Administer Ubuntu Server 14.04LTS remotely using Putty

Having installed Ubuntu Server we now need a way to be able to administer the server remotely.

NOTE: If you’re jumping into this guide here and have not been following from the start then in order to be able to use Putty to administer Ubuntu Server you will need to have installed “OpenSSH Server” when you installed Ubuntu.
For information, these instructions has been verified using the following versions of Ubuntu Server: Trusty Tahr 14.04LTS, 12.10
Quantal Quetzal, 12.04LTS Precise Pangolin, 10.10 Maverick Meerkat, 10.04 Lucid Lynx, 9.10 Karmic Koala, 9.04 Jaunty Jackalope & 8.10 Intrepid Ibex.

If you’ve not installed OpenSSH Server already then you can do so by issuing the following two commands from the command line on your server:

sudo apt-get update

sudo apt-get install openssh-server

or as previous mentioned you can issue both commands in one as follows:

sudo apt-get update;sudo apt-get install openssh-server

To administer the server remotely is not as hard as you might think. Putty is a very popular way of doing so although everything is done at “command line” which does scare quite a few people. However, later on we’ll install VNC to provide a graphical interface which will make things a whole lot simpler, especially for the Windows veterans amongst us.

So, back onto your Windows desktop computer now and download Putty.exe from here and install it on your desktop computer. When you launch it the main screen looks something like this:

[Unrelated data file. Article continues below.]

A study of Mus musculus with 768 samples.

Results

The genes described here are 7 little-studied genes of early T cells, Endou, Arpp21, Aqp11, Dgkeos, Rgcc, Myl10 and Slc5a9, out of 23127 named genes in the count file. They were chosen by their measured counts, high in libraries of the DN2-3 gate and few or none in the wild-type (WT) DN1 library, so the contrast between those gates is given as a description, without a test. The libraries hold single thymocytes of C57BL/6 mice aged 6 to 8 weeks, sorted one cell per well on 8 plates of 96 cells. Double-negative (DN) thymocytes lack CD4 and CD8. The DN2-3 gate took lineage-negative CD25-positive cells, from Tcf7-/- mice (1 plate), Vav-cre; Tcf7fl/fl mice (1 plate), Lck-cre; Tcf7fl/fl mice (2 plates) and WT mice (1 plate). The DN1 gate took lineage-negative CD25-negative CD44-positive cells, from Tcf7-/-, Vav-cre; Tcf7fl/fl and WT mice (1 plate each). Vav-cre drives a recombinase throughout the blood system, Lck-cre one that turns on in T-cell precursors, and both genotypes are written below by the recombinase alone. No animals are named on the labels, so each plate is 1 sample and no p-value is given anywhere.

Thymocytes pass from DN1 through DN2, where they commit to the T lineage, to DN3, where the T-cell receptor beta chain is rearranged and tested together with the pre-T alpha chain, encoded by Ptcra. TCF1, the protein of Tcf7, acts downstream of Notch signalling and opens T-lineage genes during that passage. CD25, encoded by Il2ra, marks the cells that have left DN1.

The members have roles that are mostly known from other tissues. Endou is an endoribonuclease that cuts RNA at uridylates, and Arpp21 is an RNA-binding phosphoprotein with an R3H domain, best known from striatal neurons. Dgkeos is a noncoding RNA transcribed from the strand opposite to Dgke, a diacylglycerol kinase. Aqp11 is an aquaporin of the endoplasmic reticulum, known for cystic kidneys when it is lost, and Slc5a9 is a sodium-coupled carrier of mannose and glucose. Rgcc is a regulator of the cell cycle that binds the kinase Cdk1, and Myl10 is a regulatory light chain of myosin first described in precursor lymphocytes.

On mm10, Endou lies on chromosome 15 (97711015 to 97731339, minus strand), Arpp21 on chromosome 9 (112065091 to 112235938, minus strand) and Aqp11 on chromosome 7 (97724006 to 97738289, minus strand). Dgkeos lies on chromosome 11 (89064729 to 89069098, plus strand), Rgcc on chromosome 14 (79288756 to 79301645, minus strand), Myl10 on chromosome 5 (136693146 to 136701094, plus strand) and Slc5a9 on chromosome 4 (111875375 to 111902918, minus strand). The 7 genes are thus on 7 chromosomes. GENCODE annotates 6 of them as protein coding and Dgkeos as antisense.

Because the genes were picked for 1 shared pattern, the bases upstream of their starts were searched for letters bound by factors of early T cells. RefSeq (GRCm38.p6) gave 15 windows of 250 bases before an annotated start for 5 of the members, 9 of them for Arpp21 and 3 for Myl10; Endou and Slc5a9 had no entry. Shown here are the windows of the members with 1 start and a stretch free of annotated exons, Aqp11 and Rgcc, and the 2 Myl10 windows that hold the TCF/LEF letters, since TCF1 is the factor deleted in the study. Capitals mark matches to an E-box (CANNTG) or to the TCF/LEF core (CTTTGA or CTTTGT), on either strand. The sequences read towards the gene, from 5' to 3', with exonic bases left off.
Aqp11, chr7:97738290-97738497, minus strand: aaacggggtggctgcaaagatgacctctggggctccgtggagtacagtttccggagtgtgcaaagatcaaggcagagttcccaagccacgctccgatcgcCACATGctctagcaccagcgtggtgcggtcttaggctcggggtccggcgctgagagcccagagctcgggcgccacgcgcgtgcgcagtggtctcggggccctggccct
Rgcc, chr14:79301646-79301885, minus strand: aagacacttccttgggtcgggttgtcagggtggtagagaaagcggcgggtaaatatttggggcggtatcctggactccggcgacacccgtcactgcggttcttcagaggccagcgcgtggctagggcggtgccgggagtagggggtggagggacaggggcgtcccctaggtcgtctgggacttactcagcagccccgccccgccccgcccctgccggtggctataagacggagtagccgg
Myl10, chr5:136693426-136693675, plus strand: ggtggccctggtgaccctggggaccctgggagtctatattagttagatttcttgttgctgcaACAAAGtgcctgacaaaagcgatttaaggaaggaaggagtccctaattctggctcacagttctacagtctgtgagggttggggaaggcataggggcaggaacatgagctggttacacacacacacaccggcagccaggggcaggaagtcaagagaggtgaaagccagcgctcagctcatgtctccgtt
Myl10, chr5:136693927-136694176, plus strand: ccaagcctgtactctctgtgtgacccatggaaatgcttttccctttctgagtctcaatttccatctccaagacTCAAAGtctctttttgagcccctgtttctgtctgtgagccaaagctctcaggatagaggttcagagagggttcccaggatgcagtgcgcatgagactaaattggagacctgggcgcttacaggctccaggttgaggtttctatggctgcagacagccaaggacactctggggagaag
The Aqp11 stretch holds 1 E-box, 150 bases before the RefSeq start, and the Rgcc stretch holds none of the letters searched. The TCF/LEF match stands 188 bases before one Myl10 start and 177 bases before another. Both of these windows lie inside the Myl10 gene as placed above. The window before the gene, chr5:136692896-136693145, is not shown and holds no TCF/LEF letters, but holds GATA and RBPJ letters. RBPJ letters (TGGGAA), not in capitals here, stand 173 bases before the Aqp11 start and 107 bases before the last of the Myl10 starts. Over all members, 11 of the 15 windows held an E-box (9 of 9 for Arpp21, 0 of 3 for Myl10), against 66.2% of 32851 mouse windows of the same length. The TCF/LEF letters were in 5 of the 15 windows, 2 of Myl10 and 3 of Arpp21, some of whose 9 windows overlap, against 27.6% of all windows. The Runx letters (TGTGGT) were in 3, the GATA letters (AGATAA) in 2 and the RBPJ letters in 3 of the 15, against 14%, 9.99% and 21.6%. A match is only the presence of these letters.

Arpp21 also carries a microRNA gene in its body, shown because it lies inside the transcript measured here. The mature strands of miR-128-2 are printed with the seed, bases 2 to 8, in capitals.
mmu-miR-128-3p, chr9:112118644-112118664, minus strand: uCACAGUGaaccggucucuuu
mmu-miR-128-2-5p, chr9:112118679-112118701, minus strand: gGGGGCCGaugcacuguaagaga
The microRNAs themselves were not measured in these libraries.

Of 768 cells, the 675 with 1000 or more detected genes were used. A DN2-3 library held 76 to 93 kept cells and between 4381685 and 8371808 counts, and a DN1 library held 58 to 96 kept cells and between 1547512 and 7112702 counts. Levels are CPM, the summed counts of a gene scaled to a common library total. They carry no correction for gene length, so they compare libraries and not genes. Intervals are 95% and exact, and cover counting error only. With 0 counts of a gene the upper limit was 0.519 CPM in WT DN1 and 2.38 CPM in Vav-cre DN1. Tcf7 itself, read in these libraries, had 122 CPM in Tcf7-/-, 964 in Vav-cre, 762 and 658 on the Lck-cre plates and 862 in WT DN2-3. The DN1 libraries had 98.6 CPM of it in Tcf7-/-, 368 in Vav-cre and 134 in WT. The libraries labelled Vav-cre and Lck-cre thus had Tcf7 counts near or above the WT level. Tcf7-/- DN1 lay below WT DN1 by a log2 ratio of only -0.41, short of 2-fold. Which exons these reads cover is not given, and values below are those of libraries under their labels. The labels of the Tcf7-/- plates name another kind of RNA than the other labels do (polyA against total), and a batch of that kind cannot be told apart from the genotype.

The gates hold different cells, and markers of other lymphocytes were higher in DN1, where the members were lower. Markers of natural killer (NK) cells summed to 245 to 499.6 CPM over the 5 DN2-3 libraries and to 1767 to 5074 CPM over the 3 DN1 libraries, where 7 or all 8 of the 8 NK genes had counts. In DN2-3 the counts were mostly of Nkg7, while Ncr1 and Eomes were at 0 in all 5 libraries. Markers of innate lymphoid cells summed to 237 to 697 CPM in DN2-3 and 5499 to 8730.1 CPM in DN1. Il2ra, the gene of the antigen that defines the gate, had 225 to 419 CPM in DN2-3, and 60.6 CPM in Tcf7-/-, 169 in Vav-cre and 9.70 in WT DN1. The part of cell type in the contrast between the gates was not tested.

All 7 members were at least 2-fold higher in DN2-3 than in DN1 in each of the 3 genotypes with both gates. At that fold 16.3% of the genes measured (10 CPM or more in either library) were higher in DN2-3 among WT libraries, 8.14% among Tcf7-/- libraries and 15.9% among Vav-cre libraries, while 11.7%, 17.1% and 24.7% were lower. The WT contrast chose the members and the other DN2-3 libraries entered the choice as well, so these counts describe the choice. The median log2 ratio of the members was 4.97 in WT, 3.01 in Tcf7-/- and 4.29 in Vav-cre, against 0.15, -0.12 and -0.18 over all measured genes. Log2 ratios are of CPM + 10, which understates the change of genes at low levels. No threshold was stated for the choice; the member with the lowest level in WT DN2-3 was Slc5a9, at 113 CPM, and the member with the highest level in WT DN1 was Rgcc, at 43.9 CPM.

Putty Screen

To connect to your new server using Putty you’ll need the Host Name or IP Address of the server. The Host Name is the name you gave the server when you installed Ubuntu. In the screenshot above you can see I’ve called mine MyMediaServer. You can of course just use the IP Address of the server. The IP address can be found via the admin menus on your router. Alternatively, it can be found by issuing the “ifconfig” command directly on the server itself. It’ll typically be something like

Make sure the SSH option on the above screen is checked, give the Session a name in the Saved Sessions box (in the screenshot above you can see I’ve called the Session MyMediaServer) and then click Save to save the session. I tend to use the same name for the Saved Session as I do for the device I’m connecting to, especially as I’m connecting to several different machines using Putty.

By default Putty uses a blue colour for some of the screen output which I personally find tricky to read. Maybe it’s my monitor or maybe just my eyes but either way I like to change it to something more readable. So, on the left hand side of the Putty Screen above you can see Colours within the Window option. Click on Colours and in the Select a colour to adjust: list scroll down to ANSI Blue. You will probably see the RGB value: options as being 0 0 187. I change mine to 0 255 255. You can of course pick any colour combination you like. Once you made any changes don’t forget to save them. You do this by clicking on the Session option at the top of the screen and then clicking Save.

Now click the Open button to connect to your server. When you connect to your server for the first time you’ll get a message similar to this:

Putty Alert

Just click Yes. Now you should see the following screen:

Putty Login Screen

Enter the login name and password you created during the installation of Ubuntu and you’ll now be at the command prompt, the same as if you had a monitor and keyboard attached to your server and were typing directly into it.